Monday, July 10, 2017

A Good DM Knows What The Party Can (And Can't) Do

The Internet is absolutely jam-packed with advice on how to be a better DM. Some people say you should use a screen, others say you should never use a screen. Some people say you should use terrain and props, other players turn their noses up at such gimmicks. One camp says you should check out Tabletop Audio to get ambient music to play while you run, and another camp shouts that down as a distraction at best, a crutch at worst.

A lot of the above suggestions come down to personal preference, and what works within your particular group. However, I'm going to give some fairly uncontroversial advice that every DM should take to heart.

Take the time to know everything you can about the PCs at your table.

And I do mean "everything".

Minimize The Monkey Wrenches You Have To Deal With


It might sound like a bunch of busy work, but trust me on this, it's not. Before you begin your campaign, review every character in the party. Look at their attributes, check their skills, and review their feats and class abilities. Look at their spells, and go through their backpacks. You don't need to know them like the back of your hand, but the more you know, the fewer the problems you'll have later. You should also review the characters every time they get new rewards, buy upgraded equipment, and every time they take a level. Sit down with your players, and ask them to explain their characters, and attributes, to you to ensure you're on the same page.

Because you have to know what you're dealing with.

For example, say your mid-level party doesn't have anyone with trapfinding, and no one has invested a lot of points into Disable Device. That's something you should know before you make them crawl through a dungeon where, if they aren't disabling the traps they find, they're going to spend 3/4 of their resources healing from the damage said traps are doing to them. Or, say you wanted to throw a challenge at your spellcasters, so you give them some monsters with spell resistance. That's a good thought, but if the casters have to roll a 19 or 20 on the die to beat the SR, then the "challenge" feels more like a cudgel the wizard and sorcerer are getting hit with.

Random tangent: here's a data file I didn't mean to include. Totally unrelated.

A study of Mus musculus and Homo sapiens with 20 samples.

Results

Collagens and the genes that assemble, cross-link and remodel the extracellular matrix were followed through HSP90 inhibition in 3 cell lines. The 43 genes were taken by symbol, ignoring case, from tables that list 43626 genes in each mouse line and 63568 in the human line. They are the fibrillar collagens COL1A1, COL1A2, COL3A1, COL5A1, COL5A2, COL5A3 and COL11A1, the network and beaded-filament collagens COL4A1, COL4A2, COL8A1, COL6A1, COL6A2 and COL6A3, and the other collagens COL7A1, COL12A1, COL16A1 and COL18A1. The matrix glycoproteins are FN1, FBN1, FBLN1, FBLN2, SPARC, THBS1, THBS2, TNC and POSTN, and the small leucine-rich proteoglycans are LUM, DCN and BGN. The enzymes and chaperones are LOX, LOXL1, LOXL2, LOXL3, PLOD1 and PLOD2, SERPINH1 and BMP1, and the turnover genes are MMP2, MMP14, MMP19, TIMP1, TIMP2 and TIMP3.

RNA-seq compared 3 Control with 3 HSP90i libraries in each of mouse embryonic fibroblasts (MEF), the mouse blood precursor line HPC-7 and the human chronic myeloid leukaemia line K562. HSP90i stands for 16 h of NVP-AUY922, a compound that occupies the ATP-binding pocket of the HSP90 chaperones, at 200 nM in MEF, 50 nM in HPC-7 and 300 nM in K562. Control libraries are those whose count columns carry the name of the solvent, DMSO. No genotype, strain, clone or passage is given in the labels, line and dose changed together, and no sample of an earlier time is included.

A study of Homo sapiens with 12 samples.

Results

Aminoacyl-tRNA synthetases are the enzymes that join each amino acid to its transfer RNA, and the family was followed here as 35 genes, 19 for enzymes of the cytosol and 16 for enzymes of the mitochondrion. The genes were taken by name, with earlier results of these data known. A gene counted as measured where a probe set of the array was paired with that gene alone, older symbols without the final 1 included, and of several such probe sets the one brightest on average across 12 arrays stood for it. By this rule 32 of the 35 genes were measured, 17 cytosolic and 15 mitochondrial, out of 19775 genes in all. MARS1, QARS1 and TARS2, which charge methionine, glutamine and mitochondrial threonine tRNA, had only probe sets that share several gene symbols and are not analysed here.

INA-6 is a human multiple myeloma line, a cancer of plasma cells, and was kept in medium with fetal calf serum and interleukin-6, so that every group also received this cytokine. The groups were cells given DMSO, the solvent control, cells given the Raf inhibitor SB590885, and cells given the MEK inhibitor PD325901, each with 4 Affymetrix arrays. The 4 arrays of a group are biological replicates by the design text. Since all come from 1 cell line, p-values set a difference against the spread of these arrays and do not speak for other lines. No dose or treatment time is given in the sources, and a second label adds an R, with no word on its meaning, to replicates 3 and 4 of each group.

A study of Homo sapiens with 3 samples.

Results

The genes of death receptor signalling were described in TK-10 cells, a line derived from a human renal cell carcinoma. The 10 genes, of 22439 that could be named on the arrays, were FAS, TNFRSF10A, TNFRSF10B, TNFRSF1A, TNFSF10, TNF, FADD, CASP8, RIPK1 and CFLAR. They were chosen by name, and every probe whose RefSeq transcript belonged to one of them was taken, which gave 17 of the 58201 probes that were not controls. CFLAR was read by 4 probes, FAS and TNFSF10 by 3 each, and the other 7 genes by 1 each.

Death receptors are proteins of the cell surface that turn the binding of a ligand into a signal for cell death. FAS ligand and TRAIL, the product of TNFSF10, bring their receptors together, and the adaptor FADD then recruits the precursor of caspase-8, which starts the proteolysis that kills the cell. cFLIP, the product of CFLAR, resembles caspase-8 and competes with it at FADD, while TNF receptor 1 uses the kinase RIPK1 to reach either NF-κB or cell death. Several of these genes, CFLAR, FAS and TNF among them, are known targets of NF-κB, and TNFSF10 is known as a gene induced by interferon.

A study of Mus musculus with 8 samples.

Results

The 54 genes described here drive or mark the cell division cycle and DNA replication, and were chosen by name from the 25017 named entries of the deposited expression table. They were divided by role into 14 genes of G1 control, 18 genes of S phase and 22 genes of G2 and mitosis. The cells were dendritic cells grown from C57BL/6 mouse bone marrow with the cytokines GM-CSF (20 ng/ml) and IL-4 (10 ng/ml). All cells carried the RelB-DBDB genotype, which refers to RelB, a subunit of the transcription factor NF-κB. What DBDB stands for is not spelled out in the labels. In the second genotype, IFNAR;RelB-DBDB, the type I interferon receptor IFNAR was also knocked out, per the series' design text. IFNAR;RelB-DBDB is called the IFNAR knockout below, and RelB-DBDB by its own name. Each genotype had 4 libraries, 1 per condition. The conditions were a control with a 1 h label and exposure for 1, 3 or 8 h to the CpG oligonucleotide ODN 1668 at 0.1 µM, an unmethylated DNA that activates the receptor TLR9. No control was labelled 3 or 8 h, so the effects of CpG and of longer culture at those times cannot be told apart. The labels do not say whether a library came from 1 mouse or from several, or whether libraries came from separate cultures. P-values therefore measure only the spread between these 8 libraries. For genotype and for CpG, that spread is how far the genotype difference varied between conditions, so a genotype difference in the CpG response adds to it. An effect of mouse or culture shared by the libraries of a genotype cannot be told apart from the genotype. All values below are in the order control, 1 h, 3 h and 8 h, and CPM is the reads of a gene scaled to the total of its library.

And that's before they even pick up a die.
Then there's the opposite problem. Rather than making a challenge that's too difficult, you make one that's too simple. The mystery of who killed a room full of victims is a lot easier to solve when you can talk to the dead, or simply ask questions of the divine to confirm your theories. A group of swarms would be a problem for most parties, but you have an alchemist, and an evoker in the midst of a turgid love affair with area of effect spells, so they're unlikely to last more than a round. Perhaps you'd planned on making the climb up a decrepit clock tower a central challenge of the next session, forcing the party to make skill checks while dodging falling bells. Of course, if the whole party can fly, it sort of renders the whole thing moot.

It's a simple rule, but definitely worth remembering. Because you don't want to be halfway through what should feel like an epic session, only to have your story completely undercut by the fact that everyone in the party is immune to the poison your big bad relies on, or to have the whole party die in what was supposed to be a warm-up because you misjudged what the "average" hit points among them was by about 45.

That's all for this week's installment of Moon Pope Monday! Hopefully it helps the DMs out there, and makes your games easier to run. If you want to keep up on all my latest releases, then follow me on Facebook, Tumblr, and Twitter. Lastly, if you'd like to support Improved Initiative, all you have to do is go to The Literary Mercenary's Patreon page, and become a patron. $1 a month is a surprisingly big help, and there's some sweet gaming swag waiting for all my new patrons once you've signed up!